Quarterback Travis Lulay had a sore throat and a swollen tongue Friday night.
His B.C. Lions (4-6) held on through a gritty match to take a 26-14 victory over the Ottawa Redblacks (6-5), but lost a pair of key players in the process.
Lulay, B.C.’s veteran pivot, threw for 108 yards and one touchdown before he was sandwiched between Ottawa’s Rico Murray and J.R. Taval near the end of the first half.
The hit caught him in the chin and throat area, and he bit his tongue hard.
“I couldn’t swallow or breath at first,” Lulay said after the game.
The 34-year-old said he also had a bit of pressure in his head, so the trainers put him through the concussion protocol.
Lulay, who’s in his 10th season with the Lions, said he felt like he passed all the tests and could have returned in the fourth quarter, if needed.
But Jonathan Jennings had things under control. B.C.’s backup quarterback threw for 68 yards and a touchdown.
Ottawa’s starting quarterback Trevor Harris put up 216 yards. Redblacks backup Dominque Davis tossed for 12 yards during a short stint in the second half.
Jennings became the Lions starting quarterback late last year when Lulay suffered a knee injury. He held on to the post to start the season, but was replaced in mid-July after throwing for 487 yards, two touchdowns and three interceptions in B.C.’s first three games.
The 26-year-old said he felt calm and ready to seize the opportunity Friday night.
“(Coach Wally Buono) said we’re going to need two quarterbacks this year. And I’m here to be used when I’m called upon,” Jennings said. “So I’m going to do everything I can to be prepared and I know (Lulay) is going to do the same thing. We’re going to need two quarterbacks for the rest of the year.”
The win was great for Jennings’ confidence, and for the team’s morale as a whole, Buono said.
There are no plans to swap starters, though, the coach added.
“(Lulay) still gives us, I believe, the best opportunity to win,” he said.
“But it was good to see Jonathan step up and get some confidence. Confidence does a tremendous amount of good things. He’s worked hard, he hasn’t said anything, he’s been very supportive of (Lulay).”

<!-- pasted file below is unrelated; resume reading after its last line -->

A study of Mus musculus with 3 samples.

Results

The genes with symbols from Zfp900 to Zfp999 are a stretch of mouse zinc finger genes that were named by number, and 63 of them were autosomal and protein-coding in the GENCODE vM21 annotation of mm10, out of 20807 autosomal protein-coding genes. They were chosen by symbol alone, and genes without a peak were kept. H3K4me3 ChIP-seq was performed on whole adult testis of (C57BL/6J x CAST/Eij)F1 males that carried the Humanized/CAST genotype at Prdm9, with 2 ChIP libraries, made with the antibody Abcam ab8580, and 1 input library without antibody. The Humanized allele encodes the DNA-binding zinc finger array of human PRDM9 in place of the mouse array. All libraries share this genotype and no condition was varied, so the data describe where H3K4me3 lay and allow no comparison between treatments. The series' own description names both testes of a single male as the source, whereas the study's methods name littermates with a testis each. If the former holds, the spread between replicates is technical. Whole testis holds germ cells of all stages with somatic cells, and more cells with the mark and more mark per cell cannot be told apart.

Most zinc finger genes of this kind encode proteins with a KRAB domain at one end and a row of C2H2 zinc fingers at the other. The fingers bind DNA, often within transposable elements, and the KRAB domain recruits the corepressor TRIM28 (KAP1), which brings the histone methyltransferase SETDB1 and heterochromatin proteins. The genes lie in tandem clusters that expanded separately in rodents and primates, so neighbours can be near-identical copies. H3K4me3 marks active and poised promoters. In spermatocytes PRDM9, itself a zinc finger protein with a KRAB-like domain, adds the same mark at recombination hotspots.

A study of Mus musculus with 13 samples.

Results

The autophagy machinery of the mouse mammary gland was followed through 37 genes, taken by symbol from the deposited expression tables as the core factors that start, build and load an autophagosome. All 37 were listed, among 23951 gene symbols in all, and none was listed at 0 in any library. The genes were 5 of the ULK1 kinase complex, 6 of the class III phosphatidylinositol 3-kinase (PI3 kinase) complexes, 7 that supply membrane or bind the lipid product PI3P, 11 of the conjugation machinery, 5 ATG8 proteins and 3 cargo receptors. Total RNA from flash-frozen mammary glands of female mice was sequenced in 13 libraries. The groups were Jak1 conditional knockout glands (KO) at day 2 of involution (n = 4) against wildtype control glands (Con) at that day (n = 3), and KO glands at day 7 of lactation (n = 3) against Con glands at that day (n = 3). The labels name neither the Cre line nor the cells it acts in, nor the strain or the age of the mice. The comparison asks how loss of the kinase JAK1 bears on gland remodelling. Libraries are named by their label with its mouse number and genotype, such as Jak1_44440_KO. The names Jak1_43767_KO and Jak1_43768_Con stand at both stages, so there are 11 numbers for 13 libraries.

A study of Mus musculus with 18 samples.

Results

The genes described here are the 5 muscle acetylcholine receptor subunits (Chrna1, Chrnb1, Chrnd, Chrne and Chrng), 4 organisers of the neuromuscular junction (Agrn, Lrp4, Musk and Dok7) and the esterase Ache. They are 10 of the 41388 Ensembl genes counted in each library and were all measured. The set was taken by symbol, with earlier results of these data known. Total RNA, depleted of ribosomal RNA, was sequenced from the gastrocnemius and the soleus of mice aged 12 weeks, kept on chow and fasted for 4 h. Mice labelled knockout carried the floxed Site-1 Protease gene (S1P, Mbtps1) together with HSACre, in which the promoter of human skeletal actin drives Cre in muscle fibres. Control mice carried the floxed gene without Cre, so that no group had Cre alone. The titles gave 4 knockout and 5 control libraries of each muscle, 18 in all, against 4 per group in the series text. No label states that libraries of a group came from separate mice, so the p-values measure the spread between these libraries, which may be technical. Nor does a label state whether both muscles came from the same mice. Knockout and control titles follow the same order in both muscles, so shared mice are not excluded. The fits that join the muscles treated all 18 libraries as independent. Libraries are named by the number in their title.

The Lions also lost offensive lineman Cody Husband Friday night when the New Westminster, B.C.-native went down with a leg injury on the first play. He lay on the field for several minutes, being looked at by staff before he was eventually taken away on a cart.
Buono said after the game that Husband wasn’t “doing well” and had been sent for X-rays. The team is expected to provide an update on his status in the next few days.
Losing an offensive force could be critical for the Lions, who are attempting to dig themselves out of fifth place in the league’s West Division.
But Buono said his squad has been tough and resilient through a difficult year.
“I never felt that this team has quit or that was ever an issue,” he said.
The defence and special teams performed well in the face of Ottawa’s aggressive offence on Friday, the coach added.
“The thing I appreciated is that they kept their composure,” he said.
B.C. tallied defensive tackles in the game, plus another 12 on special teams. The Lions also had six sacks, six pass knockdowns and three interceptions.
The Redblacks had 48 total tackles, two sacks, two pass knockdowns and a forced fumble.
Ottawa coach Rick Campbell said he had to give his opponents credit for the way they played Friday.
“They’re a good football team and they did what they needed to do to win the game,” he said.
“We can’t make the mistakes we’re making. I think we’re missing doing some of the basic stuff well. And I think when we take care of that stuff, we’re a pretty tough team to beat. But we’ve got work to do.”
The Redblacks currently sit at the top of the East, with seven games to go in their season.
The Lions have eight left to play and each match will be crucial, Buono said.
“We’re still the fifth place team in the West. All the games are going to be tough,” he said. “When you put yourself up against a wall, all the games are must-wins.”
Friday’s “good, team win” could go a long way to providing much-needed momentum, Lulay said.
“It’s exactly what we needed,” he said. “Winning cures a lot of the confidence issues and how you feel about yourselves. So we feel good about it now and go find a way to win the next one.”